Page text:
The recruitment of European Union nurses is expected to become increasingly difficult following the introduction of new language testing rules, a government advisory body has been warned.
The Migration Advisory Committee was asked by the government to review whether nurses should remain on the shortage occupation list, after they were temporarily placed on it last year following national recruitment problems.
In its report, the committee recommended “reluctantly” that the profession be retained on the list, a move that will make it easier for trusts to employ nurses from outside of Europe.
As part of its investigation into the workforce, the committee was told the supply of nurses from within the European Economic Area – comprising the EU and other countries including Norway and Iceland – was “drying up”.
It was told the standard of recruits from these countries was declining and that there were concerns nurses would not be able to pass the new language tests being brought in by the Nursing and Midwifery Council.
“New language training requirements for registrants from the EU will further reduce the numbers of nurses wishing to come to the UK”
The new rules, introduced on 18 January, require EU nurses to pass a test showing they are proficient in English if they cannot provide other evidence demonstrating their language skills.
Nurses must pass the test – the International English Language Testing System (IELTS) exam – with a minimum score of 7.0, which has been previously suggested to be at too high a level.
Comments made to the advisory committee by recruitment agencies, the Department of Health and “many other partners” echoed these concerns.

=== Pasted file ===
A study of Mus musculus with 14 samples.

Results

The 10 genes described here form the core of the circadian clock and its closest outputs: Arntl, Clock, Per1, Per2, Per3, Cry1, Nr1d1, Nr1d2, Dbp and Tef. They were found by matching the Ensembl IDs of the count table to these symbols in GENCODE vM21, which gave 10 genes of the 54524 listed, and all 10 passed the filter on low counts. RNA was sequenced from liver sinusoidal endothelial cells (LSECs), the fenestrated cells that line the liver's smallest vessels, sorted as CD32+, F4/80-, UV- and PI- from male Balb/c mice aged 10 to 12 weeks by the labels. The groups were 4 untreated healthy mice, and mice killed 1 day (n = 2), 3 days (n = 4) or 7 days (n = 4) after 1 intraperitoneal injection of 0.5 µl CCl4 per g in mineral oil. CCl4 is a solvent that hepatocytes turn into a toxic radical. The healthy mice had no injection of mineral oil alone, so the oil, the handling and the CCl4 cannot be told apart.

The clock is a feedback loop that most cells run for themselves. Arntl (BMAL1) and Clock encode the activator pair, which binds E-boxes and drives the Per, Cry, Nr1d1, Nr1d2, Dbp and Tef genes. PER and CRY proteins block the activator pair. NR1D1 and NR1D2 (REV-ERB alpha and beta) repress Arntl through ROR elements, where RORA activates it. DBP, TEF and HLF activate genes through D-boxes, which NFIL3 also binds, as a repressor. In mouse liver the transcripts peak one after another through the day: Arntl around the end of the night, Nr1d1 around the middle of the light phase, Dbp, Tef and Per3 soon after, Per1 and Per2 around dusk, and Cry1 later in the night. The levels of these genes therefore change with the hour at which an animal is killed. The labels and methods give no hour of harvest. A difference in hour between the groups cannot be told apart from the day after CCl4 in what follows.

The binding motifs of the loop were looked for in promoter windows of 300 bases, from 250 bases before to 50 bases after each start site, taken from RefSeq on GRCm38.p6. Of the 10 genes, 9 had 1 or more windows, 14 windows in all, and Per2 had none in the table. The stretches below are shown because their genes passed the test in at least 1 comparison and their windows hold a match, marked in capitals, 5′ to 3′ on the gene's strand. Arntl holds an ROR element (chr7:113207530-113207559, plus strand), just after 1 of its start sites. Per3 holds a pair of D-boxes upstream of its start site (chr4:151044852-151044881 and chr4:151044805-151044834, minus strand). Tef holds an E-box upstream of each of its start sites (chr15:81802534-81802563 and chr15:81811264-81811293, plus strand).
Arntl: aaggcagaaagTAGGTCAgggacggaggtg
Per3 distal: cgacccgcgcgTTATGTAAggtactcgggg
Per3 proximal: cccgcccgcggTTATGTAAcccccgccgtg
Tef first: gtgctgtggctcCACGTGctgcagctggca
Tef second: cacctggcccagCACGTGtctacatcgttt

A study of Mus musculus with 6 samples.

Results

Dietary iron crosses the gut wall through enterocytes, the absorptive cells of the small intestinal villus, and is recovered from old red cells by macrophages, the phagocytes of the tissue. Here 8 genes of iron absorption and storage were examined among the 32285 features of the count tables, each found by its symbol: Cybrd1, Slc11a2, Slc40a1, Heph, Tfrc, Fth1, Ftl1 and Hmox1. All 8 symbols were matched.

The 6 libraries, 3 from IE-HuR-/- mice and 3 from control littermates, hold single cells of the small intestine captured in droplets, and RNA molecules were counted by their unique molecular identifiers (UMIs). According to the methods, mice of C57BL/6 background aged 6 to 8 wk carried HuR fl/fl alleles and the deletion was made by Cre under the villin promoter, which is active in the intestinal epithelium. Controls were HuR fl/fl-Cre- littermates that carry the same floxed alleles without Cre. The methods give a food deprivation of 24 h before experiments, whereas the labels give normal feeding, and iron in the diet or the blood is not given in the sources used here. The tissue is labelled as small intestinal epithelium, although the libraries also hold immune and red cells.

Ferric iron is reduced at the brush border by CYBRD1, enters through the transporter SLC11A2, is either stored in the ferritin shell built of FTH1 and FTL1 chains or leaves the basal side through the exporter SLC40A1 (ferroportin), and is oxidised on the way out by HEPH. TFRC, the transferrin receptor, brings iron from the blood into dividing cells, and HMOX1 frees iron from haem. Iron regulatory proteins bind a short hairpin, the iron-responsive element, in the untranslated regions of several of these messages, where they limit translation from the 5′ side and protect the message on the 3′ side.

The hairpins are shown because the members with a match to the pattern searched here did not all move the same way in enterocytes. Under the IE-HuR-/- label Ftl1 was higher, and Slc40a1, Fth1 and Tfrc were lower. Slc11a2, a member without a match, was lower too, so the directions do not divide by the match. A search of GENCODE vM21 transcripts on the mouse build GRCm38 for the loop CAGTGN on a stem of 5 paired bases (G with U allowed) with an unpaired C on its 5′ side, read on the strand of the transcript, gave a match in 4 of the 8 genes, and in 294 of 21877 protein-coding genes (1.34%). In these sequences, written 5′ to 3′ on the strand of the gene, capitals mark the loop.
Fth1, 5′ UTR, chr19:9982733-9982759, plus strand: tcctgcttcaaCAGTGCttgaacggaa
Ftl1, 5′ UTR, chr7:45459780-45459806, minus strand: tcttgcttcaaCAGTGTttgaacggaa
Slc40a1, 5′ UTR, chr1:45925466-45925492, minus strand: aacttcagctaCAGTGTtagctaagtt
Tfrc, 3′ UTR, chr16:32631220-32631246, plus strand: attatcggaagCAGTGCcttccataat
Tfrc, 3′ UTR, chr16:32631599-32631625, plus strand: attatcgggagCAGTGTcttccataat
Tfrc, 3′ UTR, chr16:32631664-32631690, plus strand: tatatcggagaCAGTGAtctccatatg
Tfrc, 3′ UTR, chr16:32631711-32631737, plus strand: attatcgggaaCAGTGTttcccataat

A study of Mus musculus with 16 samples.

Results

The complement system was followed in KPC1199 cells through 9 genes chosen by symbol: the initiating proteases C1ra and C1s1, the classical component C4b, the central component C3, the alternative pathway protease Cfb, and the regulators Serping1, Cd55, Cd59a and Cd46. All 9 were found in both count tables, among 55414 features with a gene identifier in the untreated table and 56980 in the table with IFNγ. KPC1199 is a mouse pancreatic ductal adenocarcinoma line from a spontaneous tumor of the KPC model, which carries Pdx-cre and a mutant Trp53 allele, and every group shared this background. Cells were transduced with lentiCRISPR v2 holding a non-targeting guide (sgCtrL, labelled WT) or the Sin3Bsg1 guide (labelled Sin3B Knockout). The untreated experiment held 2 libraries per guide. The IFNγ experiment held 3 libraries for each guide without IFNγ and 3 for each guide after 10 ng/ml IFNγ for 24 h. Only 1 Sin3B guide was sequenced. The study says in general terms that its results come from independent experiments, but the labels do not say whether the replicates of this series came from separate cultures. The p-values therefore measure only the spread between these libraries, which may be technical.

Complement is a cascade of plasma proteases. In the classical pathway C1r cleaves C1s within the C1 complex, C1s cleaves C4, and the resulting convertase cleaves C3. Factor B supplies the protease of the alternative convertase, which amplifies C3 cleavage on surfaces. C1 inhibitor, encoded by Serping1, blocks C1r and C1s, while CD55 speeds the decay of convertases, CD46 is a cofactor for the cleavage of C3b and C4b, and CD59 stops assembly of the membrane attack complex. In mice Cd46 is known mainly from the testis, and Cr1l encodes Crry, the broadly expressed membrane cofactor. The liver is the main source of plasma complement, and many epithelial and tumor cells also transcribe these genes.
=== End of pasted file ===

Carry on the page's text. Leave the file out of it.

They said the ability of employers to recruit nurses within the EU was set to “further decline with the introduction to the nursing registration requirements of an increased standard of English language ability”.
In its evidence to the committee, the recruitment agency TTM Healthcare said: “The introduction of the new language training requirements for registrants from within the EU will further reduce the numbers of EU nurses wishing to come to the UK, which will put even greater pressure on the need to recruit overseas nurses.”
Nurses from outside the EU are already required to pass the IELTS test with a minimum score of 7.0.
But the report noted these nurses, from countries such as India and the Philippines, tended to have better English language skills than applicants from the EU due to the language being commonly spoken in these places.
The concerns over the impact of the new rules come at the same time the NMC has seen a surge in EU applications ahead of the change.
Recent NMC council papers revealed that in just one month the number of applications to work in the UK from EU nurses almost tripled, rising from an average of 700 a month in 2015, to 1,977 in January.
NMC chief executive Jackie Smith said it was “human nature” for people to apply before a change in rules, and that the regulator “couldn’t reach any conclusions to imply those are people who potentially don’t have the communication skills required”.